It seems like every week there’s a new hot cryptocurrency making waves on social media. Following the success of cryptos like SafeMoon, investors are constantly looking out for the next big thing in the crypto markets. In turn, there’s a constant stream of new projects trying to capitalize on this demand. One of those is Bonfire, a coin that many are calling the next SafeMoon. However, just as many are worried about Bonfire being a potential scam.
Unfortunately, a lot of new cryptos nowadays are flat-out schemes designed to steal people’s money. Here’s what’s going on with Bonfire Token right now and whether it’s a rug pull, a pyramid scheme, a scam, or a legit project.
What is Bonfire Token?
Bonfire started out less than a month ago, having only recently been added to popular tracking sites like Coinmarketcap. However, despite how new it is, Bonfire’s Twitter account has grown to over 43,000 followers. Its Reddit community, which was only started on April 19, is sitting at 19,500 dedicated members right now. Like most fast-growing tokens, people are encouraged to spread Bonfire across social media on a constant basis.
According to Bonfire’s whitepaper, the coin is following the exact same tokenomic model as SafeMoon does. On every single Bonfire transaction, 5 percent is burned and another 5 percent is distributed to the remaining Bonfire holders. The idea is that this 10 percent "tax" of sorts will discourage people from constantly daytrading the token. Instead, it should encourage people to keep holding on and steadily driving up the price of Bonfire.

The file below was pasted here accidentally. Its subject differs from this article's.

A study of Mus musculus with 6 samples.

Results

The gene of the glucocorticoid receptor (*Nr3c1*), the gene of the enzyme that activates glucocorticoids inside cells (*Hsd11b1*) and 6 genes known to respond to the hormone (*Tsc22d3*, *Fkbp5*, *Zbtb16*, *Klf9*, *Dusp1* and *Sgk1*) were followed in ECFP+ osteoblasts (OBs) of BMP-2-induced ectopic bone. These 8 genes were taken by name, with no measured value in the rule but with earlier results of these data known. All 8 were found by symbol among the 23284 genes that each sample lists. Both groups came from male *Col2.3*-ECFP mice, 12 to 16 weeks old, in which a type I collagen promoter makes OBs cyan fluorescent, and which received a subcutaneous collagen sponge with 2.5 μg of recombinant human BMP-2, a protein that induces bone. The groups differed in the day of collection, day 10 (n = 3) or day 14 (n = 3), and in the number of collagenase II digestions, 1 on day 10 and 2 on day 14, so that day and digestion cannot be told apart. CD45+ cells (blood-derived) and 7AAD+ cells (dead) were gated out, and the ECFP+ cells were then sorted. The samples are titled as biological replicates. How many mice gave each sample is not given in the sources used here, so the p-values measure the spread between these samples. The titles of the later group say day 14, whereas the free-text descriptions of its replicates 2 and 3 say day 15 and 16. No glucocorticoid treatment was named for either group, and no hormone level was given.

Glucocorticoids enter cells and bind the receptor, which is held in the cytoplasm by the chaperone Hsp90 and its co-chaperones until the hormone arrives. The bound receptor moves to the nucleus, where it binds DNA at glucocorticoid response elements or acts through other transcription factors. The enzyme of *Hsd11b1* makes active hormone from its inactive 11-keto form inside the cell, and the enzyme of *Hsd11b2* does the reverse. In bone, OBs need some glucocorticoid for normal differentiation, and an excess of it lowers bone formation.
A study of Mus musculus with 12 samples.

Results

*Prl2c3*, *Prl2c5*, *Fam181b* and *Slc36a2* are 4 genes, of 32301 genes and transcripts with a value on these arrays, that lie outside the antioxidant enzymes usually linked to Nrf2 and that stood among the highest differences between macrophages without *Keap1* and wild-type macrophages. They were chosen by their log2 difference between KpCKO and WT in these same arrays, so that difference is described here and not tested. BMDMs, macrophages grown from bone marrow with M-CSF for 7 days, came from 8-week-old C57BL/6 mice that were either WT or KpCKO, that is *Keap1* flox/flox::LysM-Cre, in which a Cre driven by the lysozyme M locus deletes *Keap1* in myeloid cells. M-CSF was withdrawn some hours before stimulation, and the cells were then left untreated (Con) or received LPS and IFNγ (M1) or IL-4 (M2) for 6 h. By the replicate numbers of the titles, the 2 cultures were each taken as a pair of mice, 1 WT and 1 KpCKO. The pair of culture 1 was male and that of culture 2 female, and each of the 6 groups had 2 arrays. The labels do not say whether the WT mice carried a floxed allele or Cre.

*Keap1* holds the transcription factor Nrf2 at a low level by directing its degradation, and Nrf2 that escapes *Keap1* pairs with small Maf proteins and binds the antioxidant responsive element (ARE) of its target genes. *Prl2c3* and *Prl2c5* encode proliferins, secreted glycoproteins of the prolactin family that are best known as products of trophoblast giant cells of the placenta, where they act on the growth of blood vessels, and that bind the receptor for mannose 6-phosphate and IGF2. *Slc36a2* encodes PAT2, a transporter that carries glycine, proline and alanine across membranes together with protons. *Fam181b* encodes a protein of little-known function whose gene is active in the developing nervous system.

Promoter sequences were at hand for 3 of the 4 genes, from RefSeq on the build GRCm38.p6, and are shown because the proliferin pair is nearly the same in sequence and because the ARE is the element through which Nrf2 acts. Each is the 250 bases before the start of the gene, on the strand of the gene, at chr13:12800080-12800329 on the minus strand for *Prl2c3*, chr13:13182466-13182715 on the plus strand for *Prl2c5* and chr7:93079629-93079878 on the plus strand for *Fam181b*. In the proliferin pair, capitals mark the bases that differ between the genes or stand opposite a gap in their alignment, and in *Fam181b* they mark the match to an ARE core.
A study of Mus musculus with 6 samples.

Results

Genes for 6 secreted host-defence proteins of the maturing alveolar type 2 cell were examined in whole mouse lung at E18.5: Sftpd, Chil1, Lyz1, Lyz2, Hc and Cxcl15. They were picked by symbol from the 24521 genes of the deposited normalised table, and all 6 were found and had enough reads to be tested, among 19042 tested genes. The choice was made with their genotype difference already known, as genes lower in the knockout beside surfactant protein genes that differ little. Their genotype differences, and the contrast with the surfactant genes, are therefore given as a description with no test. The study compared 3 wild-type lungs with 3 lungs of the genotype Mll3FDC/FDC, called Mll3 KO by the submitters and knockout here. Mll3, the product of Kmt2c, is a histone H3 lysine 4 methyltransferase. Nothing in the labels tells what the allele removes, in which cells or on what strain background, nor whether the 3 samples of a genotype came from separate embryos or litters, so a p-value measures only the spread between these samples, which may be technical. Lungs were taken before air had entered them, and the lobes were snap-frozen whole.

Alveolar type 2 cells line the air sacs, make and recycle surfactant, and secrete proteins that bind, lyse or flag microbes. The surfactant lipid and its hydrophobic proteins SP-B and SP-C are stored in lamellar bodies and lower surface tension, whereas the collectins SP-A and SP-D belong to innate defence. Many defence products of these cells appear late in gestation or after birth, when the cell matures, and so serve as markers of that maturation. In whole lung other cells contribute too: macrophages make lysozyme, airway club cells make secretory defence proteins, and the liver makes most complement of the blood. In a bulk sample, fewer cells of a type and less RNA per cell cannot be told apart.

Is Bonfire a rug pull or a scam?
The only way to know for sure whether Bonfire is a rug pul would be to have it audited by a third party. These are companies that specifically look at the underlying software of a coin and find any potential vulnerabilities. Bonfire has had one audit so far from Dessert Finance, an auditing company for BNB-based cryptos. According to their results, they did not find Bonfire to be a scam.
Bonfire also recently revealed its core management team. If you go on their website, you can find the names, faces, and social media accounts for its seven team members. Most of the time, rug pulls and scams don’t reveal the faces and identities behind the cryptocurrency.
At the moment, Bonfire doesn’t seem to be a rug pull. The project has too much transparency for it to be some type of scam. Typically, this happens earlier on in a project’s history, before the first audit is completed.
Will Bonfire go to the moon?
A lot of people felt like they missed out on SafeMoon when it was still early. Especially in bull markets (or bubbles), FOMO is a big emotional driver for investors. Investors look at Bonfire as the next SafeMoon and are jumping onto it.
Since SafeMoon is already such a success, despite being more or less a meme coin, Bonfire has a good chance of being successful as well. Probably not to the same extent or size that SafeMoon has grown into, but prices could still go up in the future. Just don't expect these speculative cryptos to stick around in the long-term. Sooner or later, this excitement is going to fizzle out, just like it did in 1999 during the internet stock bubble.